U.S. Attorney Stanley S. Harris asked a federal judge yesterday to reconsider his decision to allow jurors in the case of John W. Hinckley Jr., accused of the attempted assassination of President Reagan, to return to their homes each day after trial instead of sequestering them in a hotel.
Citing the "extraordinary publicity" that has already surrounded the Hinckley case, Harris said in court papers that sequestration is the only sure means to shield the jurors from outside influences that could affect a decision in the case. Trial is scheduled to begin Tuesday.
Harris said that otherwise, instead of having the case decided by the evidence heard in court, it "would actually be decided by the people . . . whose comments, remarks and opinions will be taken into account by the nonsequestered jurors."
In another development, it was disclosed yesterday that, attorneys for the actress Jodie Foster asked Judge Barrington D. Parker to deny a request from network broadcasters that they have access to Foster's videotaped testimony if it is played during the trial. Law enforcement officials believe that Hinckley was infatuated with Foster and tried to assassinate Reagan to gain her attention.
Further hearings on these and other procedural questions are set for Monday.
While the lawyers spar over these and other legal questions, courthouse officials scramble to prepare for the opening of the biggest legal spectacle here since the Watergate trials.
Marshals have installed extensive security measures and renovated a basement cell where Hinckley may be held, while clerks have parceled out seats in the courtroom--leaving 25 for members of the public--and installed a microwave dish atop the building so broadcast reporters can transmit their accounts of the proceedings.
Seats in Courtroom 19, where Parker will preside over Hinckley's trial, are already at a premium. Court officials have designated 50 of the 95 seats for the media, including reporters and sketch artists, and 20 others have been reserved for prosecution and defense staff and courthouse personnel.
That leaves 25 seats for the general public, and those spots will be allocated on a first-come, first-served basis on each day of the trial, court officials said. Any person who wants to enter the courtroom, including members of the public, must have an identification card with a photograph on it, such as a driver's license.
Officials are expecting that spectators will line up outside the courthouse early in the morning. The court day customarily begins between 9 and 9:30 a.m. Each person entering the courtroom will have to pass through two security checks. If a spectator leaves, he will lose his seat to the next person in line.
"If you leave, that's it," said U.S. Marshal J. Jerome Bullock, who is supervising security plans in the courthouse.
The extraordinary nature of Hinckley's alleged crime--an attempt to kill the president of the United States--has intensified security precautions surrounding his trial. And while preparations for Hinckley's security are made, law enforcement officials have not forgotten that Lee Harvey Oswald, the accused assassin of President John F. Kennedy in 1963, was gunned down in the Dallas police headquarters before he could come to trial.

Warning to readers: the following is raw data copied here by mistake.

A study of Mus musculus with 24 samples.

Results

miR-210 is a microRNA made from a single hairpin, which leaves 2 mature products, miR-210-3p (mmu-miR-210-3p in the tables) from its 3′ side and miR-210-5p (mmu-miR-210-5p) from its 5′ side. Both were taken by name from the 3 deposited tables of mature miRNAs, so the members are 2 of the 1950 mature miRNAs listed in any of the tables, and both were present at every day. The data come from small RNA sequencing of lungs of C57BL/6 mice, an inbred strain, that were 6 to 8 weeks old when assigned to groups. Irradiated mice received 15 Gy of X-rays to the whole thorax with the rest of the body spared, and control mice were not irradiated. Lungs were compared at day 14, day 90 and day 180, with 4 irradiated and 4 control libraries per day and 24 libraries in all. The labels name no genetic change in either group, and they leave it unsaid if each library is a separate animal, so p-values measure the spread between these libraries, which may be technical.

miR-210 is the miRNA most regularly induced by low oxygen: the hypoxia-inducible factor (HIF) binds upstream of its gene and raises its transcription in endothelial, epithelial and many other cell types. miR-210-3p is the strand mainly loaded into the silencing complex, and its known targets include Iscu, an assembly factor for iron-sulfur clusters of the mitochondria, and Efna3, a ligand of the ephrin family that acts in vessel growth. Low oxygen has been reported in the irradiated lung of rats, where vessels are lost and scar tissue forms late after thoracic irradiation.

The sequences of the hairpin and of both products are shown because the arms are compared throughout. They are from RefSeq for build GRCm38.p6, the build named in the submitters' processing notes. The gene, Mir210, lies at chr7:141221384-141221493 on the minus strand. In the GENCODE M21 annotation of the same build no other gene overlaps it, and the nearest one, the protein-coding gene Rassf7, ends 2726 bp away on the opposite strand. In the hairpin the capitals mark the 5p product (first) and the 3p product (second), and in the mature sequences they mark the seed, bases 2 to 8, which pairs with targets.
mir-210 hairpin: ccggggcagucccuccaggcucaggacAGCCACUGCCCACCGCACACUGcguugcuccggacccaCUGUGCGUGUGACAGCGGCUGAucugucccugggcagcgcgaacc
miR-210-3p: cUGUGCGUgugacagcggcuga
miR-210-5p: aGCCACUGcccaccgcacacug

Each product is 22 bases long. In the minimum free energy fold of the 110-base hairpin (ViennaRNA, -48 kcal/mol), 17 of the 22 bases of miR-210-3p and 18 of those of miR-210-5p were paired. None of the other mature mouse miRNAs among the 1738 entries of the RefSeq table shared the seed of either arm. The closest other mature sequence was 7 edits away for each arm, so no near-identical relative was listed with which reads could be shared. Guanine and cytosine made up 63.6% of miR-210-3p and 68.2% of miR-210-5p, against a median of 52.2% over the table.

"I just have a tremendous concern that no harm come to John Hinckley," Bullock said.
Bullock has declined to provide any specific information about the security operation, but he said in an interview that security for Hinckley's trial will be "more extensive" than the unprecedented precautions during the first Letelier trial in early 1979.
During that case both the prosecutor and Judge Barrington Parker, who will also preside at Hinckley's trial, were threatened. Each day, trained German shepherd dogs sniffed around the court building for bombs (none were found), and visitors to the courtroom had to pass through two metal detectors to gain admittance.
As part of the security for this trial, the entire courthouse will be cleared of everyone except judge's personal staff and closed between 9 p.m. and 7 a.m. daily, beginning Monday.
The marshals service expects to spend $7,575 a week to staff the courthouse with deputy marshals during the trial, which could take a month to complete. The D.C. police, the FBI, the U.S. Secret Service and the Federal Protective Service, which provides security on a daily basis at the courthouse with the marshals service, are also participating in the security operation, Bullock said.
Over the last few months, some changes have been made in a cell at the courthouse used for Hinckley, who has twice tried to commit suicide while he has been in custody. Enclosed lighting with impact resistant lenses has been installed, a new lock has been installed and wire mesh has been welded to the cell bars to prevent tampering with the lock. During one suicide attempt, Hinckley jammed the lock in the cell in which he was being held at Fort Meade, Md.
The cell in the courthouse is equipped with a cot and an alarm system, and it is located near an office so that Hinckley can be under constant observation. An inspector from the marshals service will be seated outside the cell when Hinckley is confined there. Bullock said Hinckley will be held overnight there at some points during the trial.